As children grow, there are certain milestones parents look forward to, such as crawling, walking and speaking. By their first birthday, most children know a word or two; at 18 months, their vocabulary should consist of five to 20 words and include simple two-word sentences. But these are rough guidelines. Every child progresses at a different pace.
Approximately one out of every four children experiences a speech delay, and most eventually catch up without any sort of intervention.
Still, it’s best to bring up any concerns with the child’s doctor. If there is a language disorder or developmental problem, early treatment is key to preventing learning problems down the road.
A variety of factors can lead to delayed speech and language skills. These include heredity, hearing loss, oral anatomy (problems with the tongue or soft palate), dysarthria (a disorder involving the muscles that control speech), exposure to multiple languages, neurological disorders (such as autism, cerebral palsy and muscular dystrophy), learning disabilities, auditory processing disorders, premature birth and environmental deprivation.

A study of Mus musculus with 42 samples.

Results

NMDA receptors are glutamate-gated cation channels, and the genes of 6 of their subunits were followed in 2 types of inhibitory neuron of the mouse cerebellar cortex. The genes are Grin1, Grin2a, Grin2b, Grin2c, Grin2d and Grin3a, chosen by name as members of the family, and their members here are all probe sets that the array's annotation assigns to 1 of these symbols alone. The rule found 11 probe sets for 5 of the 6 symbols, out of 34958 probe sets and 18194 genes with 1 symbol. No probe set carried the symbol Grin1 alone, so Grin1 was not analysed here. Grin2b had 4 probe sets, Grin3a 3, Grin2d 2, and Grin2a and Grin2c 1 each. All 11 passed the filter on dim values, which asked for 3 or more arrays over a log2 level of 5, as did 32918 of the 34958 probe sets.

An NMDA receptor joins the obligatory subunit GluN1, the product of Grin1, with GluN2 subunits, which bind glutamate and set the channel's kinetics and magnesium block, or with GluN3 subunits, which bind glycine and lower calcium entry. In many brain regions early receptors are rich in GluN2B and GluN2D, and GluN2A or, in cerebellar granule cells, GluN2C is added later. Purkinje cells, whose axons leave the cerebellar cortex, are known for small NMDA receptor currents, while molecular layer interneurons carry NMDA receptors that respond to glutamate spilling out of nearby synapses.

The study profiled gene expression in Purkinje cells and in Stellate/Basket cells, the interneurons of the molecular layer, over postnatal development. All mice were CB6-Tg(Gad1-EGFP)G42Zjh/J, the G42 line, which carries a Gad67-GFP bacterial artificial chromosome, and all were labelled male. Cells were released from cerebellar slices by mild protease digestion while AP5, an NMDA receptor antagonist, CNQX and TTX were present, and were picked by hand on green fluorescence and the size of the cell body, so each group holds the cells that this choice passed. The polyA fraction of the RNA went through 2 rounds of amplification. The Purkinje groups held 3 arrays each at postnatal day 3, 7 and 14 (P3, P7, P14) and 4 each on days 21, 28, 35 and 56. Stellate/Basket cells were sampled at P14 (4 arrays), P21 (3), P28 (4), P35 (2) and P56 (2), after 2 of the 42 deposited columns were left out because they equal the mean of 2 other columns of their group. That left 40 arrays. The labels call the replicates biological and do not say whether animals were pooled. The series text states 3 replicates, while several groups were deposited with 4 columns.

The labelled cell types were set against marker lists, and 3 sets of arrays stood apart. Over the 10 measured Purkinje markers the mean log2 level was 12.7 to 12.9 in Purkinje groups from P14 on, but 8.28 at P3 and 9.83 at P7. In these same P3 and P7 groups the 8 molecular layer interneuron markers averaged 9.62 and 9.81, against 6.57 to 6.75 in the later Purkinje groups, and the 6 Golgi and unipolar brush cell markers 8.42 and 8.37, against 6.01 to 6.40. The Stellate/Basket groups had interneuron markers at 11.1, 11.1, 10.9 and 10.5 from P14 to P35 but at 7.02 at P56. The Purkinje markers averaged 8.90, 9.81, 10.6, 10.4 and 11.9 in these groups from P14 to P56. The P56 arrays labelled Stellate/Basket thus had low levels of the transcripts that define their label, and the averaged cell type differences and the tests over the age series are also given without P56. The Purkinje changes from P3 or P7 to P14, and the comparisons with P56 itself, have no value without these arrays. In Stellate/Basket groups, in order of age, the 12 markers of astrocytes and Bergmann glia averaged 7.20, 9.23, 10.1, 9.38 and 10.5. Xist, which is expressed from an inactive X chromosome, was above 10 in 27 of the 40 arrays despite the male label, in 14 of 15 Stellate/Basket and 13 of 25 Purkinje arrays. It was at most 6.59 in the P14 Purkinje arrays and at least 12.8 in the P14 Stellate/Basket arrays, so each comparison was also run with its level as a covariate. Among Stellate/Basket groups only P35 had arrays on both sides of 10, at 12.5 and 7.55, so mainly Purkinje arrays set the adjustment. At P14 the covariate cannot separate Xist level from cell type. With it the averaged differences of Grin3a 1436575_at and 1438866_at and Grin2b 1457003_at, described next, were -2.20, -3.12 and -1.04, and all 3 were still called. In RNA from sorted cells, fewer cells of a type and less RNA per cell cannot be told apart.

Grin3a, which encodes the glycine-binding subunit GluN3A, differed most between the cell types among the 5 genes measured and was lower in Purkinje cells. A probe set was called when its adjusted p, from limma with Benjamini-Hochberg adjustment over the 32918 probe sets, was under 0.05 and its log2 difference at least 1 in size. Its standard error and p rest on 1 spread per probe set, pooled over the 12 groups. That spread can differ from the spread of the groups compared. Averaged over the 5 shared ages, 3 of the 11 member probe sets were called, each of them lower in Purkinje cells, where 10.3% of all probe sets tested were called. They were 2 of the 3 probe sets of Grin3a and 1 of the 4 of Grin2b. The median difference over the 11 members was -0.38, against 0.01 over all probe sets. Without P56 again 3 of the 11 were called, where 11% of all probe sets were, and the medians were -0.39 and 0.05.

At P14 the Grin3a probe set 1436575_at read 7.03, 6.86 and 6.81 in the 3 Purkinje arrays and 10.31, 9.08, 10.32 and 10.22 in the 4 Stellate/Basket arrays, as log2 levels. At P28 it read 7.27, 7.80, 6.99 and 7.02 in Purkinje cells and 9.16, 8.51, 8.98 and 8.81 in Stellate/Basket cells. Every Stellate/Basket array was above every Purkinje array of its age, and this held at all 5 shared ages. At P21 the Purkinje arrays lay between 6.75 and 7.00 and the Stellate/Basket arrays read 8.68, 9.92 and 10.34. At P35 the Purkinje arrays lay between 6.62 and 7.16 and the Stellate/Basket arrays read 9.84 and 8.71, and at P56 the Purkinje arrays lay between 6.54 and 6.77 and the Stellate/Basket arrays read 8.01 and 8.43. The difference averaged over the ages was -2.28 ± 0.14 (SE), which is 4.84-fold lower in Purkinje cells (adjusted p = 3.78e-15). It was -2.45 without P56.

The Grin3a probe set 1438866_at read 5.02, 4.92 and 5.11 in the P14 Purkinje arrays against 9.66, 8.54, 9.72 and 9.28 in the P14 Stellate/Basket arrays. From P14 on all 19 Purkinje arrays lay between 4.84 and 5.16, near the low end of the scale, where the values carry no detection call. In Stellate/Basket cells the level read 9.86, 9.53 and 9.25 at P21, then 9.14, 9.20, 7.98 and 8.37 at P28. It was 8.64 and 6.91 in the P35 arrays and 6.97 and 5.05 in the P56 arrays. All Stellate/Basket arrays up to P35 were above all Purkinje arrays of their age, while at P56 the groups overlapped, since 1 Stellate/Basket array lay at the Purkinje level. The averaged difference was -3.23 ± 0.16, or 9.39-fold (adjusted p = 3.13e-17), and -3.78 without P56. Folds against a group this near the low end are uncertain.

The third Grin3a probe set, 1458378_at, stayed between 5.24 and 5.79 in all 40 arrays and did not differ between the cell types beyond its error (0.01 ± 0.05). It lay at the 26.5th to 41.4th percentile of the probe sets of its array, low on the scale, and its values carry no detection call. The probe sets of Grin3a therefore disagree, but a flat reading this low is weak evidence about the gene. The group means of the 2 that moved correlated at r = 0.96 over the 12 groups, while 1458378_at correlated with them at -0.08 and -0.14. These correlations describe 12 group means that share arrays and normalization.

If the child’s doctor cannot rule out a speech delay, a speech-language pathologist should be consulted for a full evaluation. This involves a series of tests that will be used to assess the child’s receptive language and expressive language skills, sound development, speech clarity and oral-motor skills. Speech therapy may be recommended to help the child develop the skills necessary for effective communication.
Both heredity and environment play a role in speech development. There are steps parents can take to assist their child with speech development such as communicating often (talk and sing), encouraging verbal interaction whenever possible and reading to the child starting at a young age.
Call Prescott Ear, Nose, Throat & Allergy at (928) 778-9190 for more information or to schedule an appointment.